Pierpaolo Piccioli on Valentino’s new experiential Re-signify Part One Shanghai
Think of Valentino’s brand-new brand experience in Shanghai as the ultimate in semiotic chic from the Italian house staged in China’s biggest boomtown.
Entitled “Valentino: Re-signify Part One Shanghai,” it’s a multi-disciplinary display of photography, fine art, film and fashion in an exhibition designed as “a revision of the signs and codes of maison Valentino,” according to Pierpaolo Piccioli, creative director of the Rome-based house.
Roland Barthes couldn’t have put it any better.
“It’s about keeping the codes of the house open for today; and being be relevant for today. It’s more an experience than an exhibition, connecting the codes of Valentino to art and underground cinema. It’s about sharing a sensibility and not a lifestyle,” explained Piccioli to FashionNetwork.com on a Zoom call from Rome.
“We wanted an open project and a beginning of a different perspective. Opening our house to another world. Beginning with the birth of the house in 1960 to the very first Valentino red dress and arriving at accessories from the atelier, all the way to red carpet and daywear,” added Piccioli.
Re-signify is being staged in the city’s hottest new art institution, Power Station of Art, the site of the Shanghai Biennale, from December 19 to January 17. The space is divided up into galleries, chambers, a library, a Dungeon club and even an Empathy Room.
“Shanghai is a very far away culture. Our past much is less known in China than in Europe and the US, so it is great to present this concept in Shanghai,” said the designer, explaining the choice of location.
Highlights include Cao Pei’s video installation COSPlayers, where art cosplay bohemians meet Power Rangers; to Robby Müller’s multiple Polaroids, reimagined with back projections; to images of the house’s nerve centre in Rome, Palazzo Mignanelli.
While the library contains triangulations of the house’s varied archives – from Stanley Mouse Haight Ashbury visions and Sølve Sundsbø’s graphic photography to prints by founder Valentino Garvin or the Diary campaign shot by Piccioli.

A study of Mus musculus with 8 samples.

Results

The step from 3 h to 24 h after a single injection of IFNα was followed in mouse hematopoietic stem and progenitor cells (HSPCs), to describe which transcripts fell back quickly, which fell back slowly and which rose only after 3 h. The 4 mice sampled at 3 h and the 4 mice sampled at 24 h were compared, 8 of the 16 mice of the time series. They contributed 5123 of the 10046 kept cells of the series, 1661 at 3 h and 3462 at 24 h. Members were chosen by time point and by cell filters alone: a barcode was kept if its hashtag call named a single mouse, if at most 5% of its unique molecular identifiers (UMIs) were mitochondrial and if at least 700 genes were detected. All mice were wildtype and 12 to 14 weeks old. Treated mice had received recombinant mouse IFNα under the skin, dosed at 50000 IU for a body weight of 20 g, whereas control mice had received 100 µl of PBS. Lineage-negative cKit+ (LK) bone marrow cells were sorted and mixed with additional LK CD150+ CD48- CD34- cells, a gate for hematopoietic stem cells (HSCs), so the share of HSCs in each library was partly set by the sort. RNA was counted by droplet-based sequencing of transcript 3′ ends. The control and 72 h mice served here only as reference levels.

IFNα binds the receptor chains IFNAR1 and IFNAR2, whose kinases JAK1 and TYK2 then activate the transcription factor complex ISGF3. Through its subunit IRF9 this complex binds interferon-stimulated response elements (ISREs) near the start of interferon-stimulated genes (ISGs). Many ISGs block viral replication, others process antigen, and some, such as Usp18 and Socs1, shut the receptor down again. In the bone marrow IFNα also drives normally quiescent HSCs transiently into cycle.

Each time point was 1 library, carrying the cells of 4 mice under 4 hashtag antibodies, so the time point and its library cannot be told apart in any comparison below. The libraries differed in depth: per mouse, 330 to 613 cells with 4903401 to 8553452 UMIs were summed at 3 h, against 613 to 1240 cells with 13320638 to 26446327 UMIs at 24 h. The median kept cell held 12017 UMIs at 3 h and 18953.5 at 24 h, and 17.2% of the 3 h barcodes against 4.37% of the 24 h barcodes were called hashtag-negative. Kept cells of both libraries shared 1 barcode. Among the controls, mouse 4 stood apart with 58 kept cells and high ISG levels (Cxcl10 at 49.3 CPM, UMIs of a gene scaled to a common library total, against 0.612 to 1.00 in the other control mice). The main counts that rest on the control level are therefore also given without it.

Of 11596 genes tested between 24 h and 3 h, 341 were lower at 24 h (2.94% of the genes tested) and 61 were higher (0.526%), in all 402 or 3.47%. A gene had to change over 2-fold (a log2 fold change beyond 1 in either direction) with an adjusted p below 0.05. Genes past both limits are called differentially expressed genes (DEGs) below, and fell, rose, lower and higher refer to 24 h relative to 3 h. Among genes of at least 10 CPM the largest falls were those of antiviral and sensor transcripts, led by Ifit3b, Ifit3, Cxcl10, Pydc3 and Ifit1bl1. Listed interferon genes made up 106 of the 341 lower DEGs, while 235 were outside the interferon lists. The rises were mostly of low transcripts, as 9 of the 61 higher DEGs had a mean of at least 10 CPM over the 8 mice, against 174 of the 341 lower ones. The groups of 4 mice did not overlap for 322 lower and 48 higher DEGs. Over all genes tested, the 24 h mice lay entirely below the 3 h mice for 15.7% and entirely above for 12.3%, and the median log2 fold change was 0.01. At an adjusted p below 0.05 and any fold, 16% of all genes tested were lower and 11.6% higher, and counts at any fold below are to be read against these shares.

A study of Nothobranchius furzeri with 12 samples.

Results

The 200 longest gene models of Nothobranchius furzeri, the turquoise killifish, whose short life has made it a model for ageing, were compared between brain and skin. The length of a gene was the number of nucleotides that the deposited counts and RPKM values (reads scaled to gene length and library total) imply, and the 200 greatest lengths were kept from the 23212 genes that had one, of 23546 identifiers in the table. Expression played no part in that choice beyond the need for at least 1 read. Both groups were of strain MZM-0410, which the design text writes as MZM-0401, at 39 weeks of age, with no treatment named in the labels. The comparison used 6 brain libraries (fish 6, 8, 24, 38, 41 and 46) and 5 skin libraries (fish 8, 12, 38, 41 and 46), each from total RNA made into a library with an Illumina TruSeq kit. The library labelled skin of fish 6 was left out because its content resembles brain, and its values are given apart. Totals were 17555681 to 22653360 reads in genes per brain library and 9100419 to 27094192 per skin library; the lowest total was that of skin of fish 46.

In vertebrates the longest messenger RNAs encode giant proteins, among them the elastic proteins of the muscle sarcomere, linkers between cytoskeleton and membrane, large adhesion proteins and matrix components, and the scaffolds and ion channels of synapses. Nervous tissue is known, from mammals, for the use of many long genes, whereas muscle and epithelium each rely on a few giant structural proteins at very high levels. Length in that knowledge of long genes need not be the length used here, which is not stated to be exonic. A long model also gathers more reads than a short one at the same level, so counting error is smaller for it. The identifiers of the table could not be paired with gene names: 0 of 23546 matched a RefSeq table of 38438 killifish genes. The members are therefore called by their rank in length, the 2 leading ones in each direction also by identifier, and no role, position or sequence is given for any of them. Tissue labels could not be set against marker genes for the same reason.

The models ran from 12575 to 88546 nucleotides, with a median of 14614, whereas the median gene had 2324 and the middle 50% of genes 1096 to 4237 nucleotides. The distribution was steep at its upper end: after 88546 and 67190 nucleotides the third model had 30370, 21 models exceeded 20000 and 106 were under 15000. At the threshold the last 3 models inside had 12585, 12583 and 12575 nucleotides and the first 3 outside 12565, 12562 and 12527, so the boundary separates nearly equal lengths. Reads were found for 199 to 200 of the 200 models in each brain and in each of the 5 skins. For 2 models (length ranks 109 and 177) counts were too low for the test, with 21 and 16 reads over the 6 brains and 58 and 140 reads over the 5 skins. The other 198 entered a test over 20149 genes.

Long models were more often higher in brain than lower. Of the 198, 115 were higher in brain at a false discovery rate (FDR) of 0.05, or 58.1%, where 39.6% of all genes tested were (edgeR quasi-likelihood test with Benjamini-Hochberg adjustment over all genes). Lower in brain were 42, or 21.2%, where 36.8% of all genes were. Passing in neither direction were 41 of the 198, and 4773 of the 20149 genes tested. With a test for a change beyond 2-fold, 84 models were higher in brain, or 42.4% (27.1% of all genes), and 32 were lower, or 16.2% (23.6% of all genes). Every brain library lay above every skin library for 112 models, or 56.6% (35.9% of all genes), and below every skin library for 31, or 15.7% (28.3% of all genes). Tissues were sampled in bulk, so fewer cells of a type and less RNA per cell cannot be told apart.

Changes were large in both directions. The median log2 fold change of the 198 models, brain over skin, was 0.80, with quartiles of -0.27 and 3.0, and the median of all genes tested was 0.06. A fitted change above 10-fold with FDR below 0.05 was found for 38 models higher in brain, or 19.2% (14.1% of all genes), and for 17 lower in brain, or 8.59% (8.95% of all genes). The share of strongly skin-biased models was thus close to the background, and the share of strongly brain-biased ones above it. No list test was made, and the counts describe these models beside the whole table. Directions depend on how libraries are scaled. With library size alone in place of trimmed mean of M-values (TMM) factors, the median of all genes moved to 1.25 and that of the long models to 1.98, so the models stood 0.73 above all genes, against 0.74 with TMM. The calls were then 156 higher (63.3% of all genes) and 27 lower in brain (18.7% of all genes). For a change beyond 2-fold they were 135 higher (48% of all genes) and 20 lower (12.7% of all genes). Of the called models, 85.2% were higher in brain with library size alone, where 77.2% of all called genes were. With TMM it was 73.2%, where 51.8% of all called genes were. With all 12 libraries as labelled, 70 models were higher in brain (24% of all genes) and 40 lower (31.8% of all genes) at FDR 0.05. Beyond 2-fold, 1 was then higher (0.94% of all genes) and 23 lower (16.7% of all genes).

All the way to a central Piazza, where a video shot by Nick Knight of hyper elongated haute couture dresses from the fall/winter 2020 collection, first seen in a phygital show in Cinecitta this summer, are projected. While scaffolding allows visitors to approach the out-of-scale dresses.
All the way to the Dungeon, replete with studs, the defining emblem of Valentino under Piccioli, and a meeting of what he calls “a distinctive and recurring feature that redefines and identifies today’s Valentino style, combining classical Rome with the rebelliousness of underground culture.”
Whole walls are covered in the house’s iconic rock-stud high heels, mules and sandals, set before silver mirror multi panel walls and images of studded Renaissance palaces in Rome.
“Ten years ago we first had the ideas of punkness to create a very important break in the codes of the house. And now in rules of the romance which you are seeing today. Our shoes can be seen as punk, but you also see rock studs on any Roman door. And Valentino is the only Roman couture house,” smiles the 53-year-old Piccioli, whose modern romantic style has been hugely influential in fashion the past half-decade.
He hopes to take a variant of this brand celebration – curated by Mariuccia Casadio and Jacopo Bedussi - on tour, though has not yet decided on the next location. The expo marks the first major event by Valentino in Shanghai since its epic runway show staged in a former cruise liner station on the Huangpu river, which coincided with the opening of a 700 square-meter flagship in the city centre.
China remains a vital market for Valentino, which a year ago opened another flagship in China, the hipster district of Sanlitun in Beijing. However, after several years of rapid growth, business has been sluggish internationally for the brand. Turnover in 2019 saw a tepid rise of 2.4% to €1.223 billion, leading to the departure of long-time CEO Stefano Sassi and his replacement by Jacopo Venturini in June.